HC Deb 15 December 1997 vol 303 cc7-9
6. Mr. John M. Taylor

If she will make it her policy that lone parents who participate in the new deal for lone parents scheme will be paid the minimum wage under the scheme. [19062]

Mr. Keith Bradley

The new deal for lone parents is a pioneering programme that recognises and backs lone parents' desire to work. Those taking jobs with the assistance of the new deal for lone parents will benefit from the national minimum wage.

Mr. Taylor

Will disabled people on the scheme, who work rather than participate in some form of education, be paid the full national minimum wage?

Mr. Bradley

As I have just made clear, those people who participate in the new deal will benefit from the national minimum wage.

Mr. Pike

While I obviously welcome the fact that those people will benefit from the national minimum wage, which is crucial in low-pay areas such as mine, will my hon. Friend assure me that the Department will fully support the Chancellor in the need to remove the anomalies in benefit that at present lead to people losing by getting into work, which is stupid?

Mr. Bradley

I am grateful to my hon. Friend. As he knows, the Chancellor has commissioned a review under Mr. Taylor to look into the tax and benefits systems and the barriers between the two, which are a disincentive for people to remain in work. The report should be produced in the near future. I hope that it will deal with the issue that my hon. Friend identified.

7. Mr. Baker

What assessment she has made of the effect on the poorest 10 per cent. of the population of the withdrawal of lone-parent benefit. [19063]

Mr. Keith Bradley

Lone parents are over-represented in the bottom end of the income distribution because they are excluded from work. The best way to help lone parents out of poverty is to address the barriers that stop them working. The Government are addressing those barriers through our new deal for lone parents and our national child care strategy.

Mr. Baker

The poorest 10 per cent. will not be impressed by that answer, because it does not deal with those who are unable to find work—a point consistently made last week. Those who voted Labour on 1 May expecting a tilt towards Robin Hood have a tilt towards the sheriff of Nottingham instead. I ask the Minister a straight question: will he condemn unreservedly the outrageous attempt by Labour spin doctors to intimidate the BBC and insult a respected journalist, John Humphrys? Is it not time that, rather than shooting the messenger, the Government changed the message?

Mr. Bradley

I am sure that the BBC can well look after itself and does not need the help of the hon. Gentleman.

Dr. Lynne Jones

Speaking as someone to whom the welfare state gave a great deal of opportunity, may I ask my hon. Friend whether he considers £77 a week adequate for a lone parent of, say, a baby or toddler who needs her at home, to keep herself and her child fed, clothed and warm, when there is a wealth of evidence that the current rate of income support—£82—is inadequate for basic needs? In view of the Government's determination to press ahead with those cuts, what confidence can we have in the Prime Minister's statement this weekend that the Government will look after those in need?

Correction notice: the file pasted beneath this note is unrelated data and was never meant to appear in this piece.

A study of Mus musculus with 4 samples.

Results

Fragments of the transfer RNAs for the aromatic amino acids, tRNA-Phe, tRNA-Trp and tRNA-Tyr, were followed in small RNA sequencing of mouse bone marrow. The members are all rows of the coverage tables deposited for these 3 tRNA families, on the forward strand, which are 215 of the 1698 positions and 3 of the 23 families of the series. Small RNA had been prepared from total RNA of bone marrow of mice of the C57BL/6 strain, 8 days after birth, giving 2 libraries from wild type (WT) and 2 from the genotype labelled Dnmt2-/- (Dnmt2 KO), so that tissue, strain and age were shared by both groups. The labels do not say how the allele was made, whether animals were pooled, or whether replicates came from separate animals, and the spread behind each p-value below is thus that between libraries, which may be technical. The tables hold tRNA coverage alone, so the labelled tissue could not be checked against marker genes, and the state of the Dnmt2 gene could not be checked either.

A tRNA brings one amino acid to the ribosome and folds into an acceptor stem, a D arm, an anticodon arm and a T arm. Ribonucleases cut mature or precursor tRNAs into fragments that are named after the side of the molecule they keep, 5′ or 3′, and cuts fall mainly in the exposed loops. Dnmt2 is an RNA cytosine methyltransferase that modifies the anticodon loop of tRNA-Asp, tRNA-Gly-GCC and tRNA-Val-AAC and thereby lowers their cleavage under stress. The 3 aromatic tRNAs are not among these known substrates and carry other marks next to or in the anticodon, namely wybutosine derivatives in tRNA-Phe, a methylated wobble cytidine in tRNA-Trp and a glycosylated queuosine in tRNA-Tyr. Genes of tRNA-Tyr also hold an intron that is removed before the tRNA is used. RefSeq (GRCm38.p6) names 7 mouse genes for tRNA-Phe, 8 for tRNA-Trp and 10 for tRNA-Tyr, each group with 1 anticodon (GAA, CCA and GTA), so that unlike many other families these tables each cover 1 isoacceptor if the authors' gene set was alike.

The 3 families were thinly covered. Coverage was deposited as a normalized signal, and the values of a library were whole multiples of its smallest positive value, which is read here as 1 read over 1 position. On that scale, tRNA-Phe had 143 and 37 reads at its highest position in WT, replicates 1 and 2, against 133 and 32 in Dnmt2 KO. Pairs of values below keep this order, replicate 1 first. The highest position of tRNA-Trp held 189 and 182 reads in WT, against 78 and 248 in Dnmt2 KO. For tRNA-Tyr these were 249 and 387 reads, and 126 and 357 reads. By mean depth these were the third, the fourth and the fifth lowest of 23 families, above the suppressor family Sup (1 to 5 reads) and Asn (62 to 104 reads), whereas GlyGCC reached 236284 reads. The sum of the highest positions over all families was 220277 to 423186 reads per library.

Mr. Bradley

Obviously, there is always concern about the level of income through benefits. That is exactly why the national child care strategy and the new deal for lone parents will help people to get back into work and be significantly better off. The Prime Minister has made it absolutely clear that we shall not take away benefits from those who need it. I am happy to give that reassurance today.

Mr. Leigh

When did the Minister change his mind?

Mr. Bradley

I have not changed my mind.

Mr. Swinney

Does the Minister not understand the frustration and anger that is felt by many people on benefits whose circumstances do not change but whose benefits decline? What confidence can he give the general public that, under the comprehensive spending review, we are not simply seeing another means of changing the goalposts to deny legitimate benefits to people who deserve them?

Mr. Bradley

The purpose is to ensure that everyone has opportunities. The welfare state has been failing people; we want to help them, and the changes that we make will ensure that people enjoy the opportunities that we on the Government Benches are determined to let them have.

Ms Hewitt

Does my hon. Friend agree that, wherever possible, children in a lone-parent family should also receive financial and practical support from the nonresident parent? Will he confirm that the Government's new deal will help many non-resident fathers into employment? Will he assure the House that the review of the Child Support Act 1991 now taking place will consider the possible introduction of a maintenance disregard for lone parents now receiving income support?

Mr. Bradley

My hon. Friend raises two very important points. The new deal for the young unemployed and the long-term unemployed should help them get back into work and enable them to make a proper contribution to their families. Secondly, in the comprehensive review of the Child Support Agency that is under way, we shall certainly consider the matter that my hon. Friend has brought to our attention this afternoon.

Mr. Streeter

How will the new deal proposals help any lone parent who wishes to stay at home and raise her pre-school children herself?

Mr. Bradley

A lone parent will have the choice—she can participate in the new deal or remain at home to look after her children.